When I went to university (in Germany, and many years ago) I thought getting a job would be a given. I would leave job fairs with goodie bags filled with branded pens, stress balls and all types of candy. It shouldn’t be so hard to get a job, right?!
Now almost 20 years later, I am in the business of supporting programs at the University of Sydney Business School in developing what many call transferable or employability skills. Turns out getting a job is… complicated.
Looking into the crystal ball
I recently conducted an extensive research study of job ads with a colleague from Macquarie Business School to find out what skills are required to do a PhD (yes, in Europe PhD positions are often published like regular jobs). We found that job ads are the crystal balls of future skills. As my collaborator Dr Mauricio Marrone was recently invited to present to a cohort of Accounting undergraduate students nearing graduation, we applied this methodology to analyse a random sample of 200 Accounting job ads to provide practical advice for these students.
In my line of research, we are all too familiar with reports projecting the “Top Skills” for “Future-Readiness”, such as the recent World Economic Forum report. According to accounting.com these include:
- Analytical skills
- Organisation skills
- Critical thinking
- Interpersonal communication
- Time management
- Industry knowledge
- Spreadsheet proficiency
- Team collaboration
It’s worth pointing out that while different reports sometimes list different future skills, often those skills are just grouped differently or use different taxonomies. Most of them, including the Accounting skills listed above, reflect the University of Sydney Graduate Qualities.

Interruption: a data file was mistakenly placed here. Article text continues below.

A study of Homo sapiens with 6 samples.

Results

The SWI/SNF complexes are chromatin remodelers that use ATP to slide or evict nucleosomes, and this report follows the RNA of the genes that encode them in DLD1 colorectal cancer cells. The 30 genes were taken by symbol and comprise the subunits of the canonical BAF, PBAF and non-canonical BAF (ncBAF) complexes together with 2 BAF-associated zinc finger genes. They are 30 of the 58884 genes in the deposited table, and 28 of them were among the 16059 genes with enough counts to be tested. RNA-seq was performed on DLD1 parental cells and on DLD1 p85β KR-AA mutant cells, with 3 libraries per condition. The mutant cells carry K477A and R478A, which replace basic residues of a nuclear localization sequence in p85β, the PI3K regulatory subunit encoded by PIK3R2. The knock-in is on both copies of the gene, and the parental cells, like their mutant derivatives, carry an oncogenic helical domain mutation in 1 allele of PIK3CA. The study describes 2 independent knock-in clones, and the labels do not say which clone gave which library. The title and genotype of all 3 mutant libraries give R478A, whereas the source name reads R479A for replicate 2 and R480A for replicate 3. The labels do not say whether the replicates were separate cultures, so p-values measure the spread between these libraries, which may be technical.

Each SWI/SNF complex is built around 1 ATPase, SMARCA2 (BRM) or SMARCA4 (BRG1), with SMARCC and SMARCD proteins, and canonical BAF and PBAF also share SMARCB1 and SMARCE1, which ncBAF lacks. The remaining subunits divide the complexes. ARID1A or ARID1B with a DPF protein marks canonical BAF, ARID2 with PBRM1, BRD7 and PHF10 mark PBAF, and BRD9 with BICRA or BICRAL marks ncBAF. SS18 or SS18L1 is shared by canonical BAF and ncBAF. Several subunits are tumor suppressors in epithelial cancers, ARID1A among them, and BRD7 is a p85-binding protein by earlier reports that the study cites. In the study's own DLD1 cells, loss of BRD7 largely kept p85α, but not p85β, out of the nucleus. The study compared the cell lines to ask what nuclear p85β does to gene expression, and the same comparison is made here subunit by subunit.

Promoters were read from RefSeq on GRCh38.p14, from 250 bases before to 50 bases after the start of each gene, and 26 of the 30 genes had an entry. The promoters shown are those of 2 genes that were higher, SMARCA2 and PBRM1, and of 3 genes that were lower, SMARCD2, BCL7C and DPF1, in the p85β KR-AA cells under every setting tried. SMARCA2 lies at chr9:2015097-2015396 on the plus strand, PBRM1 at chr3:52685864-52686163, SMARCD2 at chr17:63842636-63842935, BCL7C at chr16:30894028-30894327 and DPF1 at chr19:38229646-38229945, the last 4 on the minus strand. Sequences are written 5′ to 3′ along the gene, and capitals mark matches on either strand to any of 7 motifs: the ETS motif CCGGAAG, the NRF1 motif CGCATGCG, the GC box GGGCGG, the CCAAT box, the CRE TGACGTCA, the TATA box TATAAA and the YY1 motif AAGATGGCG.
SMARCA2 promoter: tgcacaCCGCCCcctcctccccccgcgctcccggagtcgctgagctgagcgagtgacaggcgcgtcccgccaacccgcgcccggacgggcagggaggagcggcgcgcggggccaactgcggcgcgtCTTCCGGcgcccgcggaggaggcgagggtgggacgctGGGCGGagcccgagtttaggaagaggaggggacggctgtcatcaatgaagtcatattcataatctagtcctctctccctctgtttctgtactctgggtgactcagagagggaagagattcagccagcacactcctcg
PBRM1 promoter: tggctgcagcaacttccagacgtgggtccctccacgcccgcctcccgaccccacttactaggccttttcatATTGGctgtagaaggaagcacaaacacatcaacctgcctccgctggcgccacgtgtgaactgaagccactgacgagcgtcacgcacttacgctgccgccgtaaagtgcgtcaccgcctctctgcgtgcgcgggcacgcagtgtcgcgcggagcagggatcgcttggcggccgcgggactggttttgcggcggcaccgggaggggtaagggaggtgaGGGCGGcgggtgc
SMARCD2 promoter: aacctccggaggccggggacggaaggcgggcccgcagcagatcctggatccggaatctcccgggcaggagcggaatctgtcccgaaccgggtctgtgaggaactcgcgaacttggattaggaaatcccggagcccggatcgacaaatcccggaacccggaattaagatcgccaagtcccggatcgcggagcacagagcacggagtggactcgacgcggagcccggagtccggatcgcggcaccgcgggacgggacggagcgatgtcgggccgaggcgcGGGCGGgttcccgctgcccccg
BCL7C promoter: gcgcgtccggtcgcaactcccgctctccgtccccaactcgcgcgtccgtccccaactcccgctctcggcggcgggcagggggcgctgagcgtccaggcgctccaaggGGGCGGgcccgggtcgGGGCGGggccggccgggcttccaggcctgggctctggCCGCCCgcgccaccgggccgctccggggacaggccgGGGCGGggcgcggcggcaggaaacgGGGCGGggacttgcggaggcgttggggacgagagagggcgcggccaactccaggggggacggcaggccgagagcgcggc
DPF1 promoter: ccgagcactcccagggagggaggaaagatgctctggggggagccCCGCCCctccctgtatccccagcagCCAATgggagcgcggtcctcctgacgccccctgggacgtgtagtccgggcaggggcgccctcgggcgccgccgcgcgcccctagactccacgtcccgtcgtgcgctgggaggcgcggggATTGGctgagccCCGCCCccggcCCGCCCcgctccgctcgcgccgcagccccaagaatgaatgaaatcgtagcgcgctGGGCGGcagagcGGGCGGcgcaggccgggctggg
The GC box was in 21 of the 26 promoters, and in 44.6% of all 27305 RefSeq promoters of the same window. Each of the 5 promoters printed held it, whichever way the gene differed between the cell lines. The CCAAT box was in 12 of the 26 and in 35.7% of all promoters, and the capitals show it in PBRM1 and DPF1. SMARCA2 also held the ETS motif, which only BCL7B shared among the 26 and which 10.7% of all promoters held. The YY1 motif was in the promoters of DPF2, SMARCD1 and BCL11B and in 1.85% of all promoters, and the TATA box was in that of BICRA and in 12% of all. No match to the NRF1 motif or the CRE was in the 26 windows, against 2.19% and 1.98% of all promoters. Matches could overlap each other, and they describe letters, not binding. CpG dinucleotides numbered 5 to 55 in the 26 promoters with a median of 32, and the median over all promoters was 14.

What did the job ads reveal?
We wanted to draw the skills from what students will be looking at when they look for jobs – the job ad. More importantly, we wanted to stick to the language of skills that the employers of Accounting graduates used. This is what we found:
- Communication skills are important but “fluency” less so. Fluency only appeared in one ad. Many job ads actually request knowledge of a second language. This is good news for many international students who worry about their level of fluency.
- Degree is less important. CPA (Certified Public Accountant) certification was mentioned in 19 out of 200 ads, and CA (Chartered Accountant) only 6 times. The requirement of having a “degree” only featured in 6 ads.
- Learn the tools of the trade. And specifically in this order of preference: MYOB, Excel, Xero, and other tools including Word, SAP, Outlook and PowerPoint combined.
- Report writing is a big deal. Common performance tasks in accounting include creating reports (150 out of 200 ads), followed by coordinating reconciliation (145), ensuring compliance (89), preparing tax (81), managing budget (57), auditing (56), payroll (54), dealing with accounts payable (54), administration (52), and managing cash (51).
- Interpersonal skills are key. Being flexible, collaborative, responsible and committed will get you ahead.
Interestingly, only one job requested the successful candidate be a citizen or permanent resident (again, good news for international students).
Final tips for students
We invite Accounting educators to pass the five insights on to their students to help them see the value in report writing and team/group work (to practise interpersonal skills) as well as building their technical skill repertoire. The final piece of advice is that students should look beyond typical ‘accounting’ roles and apply their expertise flexibly by tailoring their resumes. Roles like office administrator (salaries are the same as entry-level accounting roles), project manager, executive assistant, business process coordinator, and client managers all benefit from (if not require) accounting expertise.
A paper describing the methodology applied here is currently under review and will be shared here when published.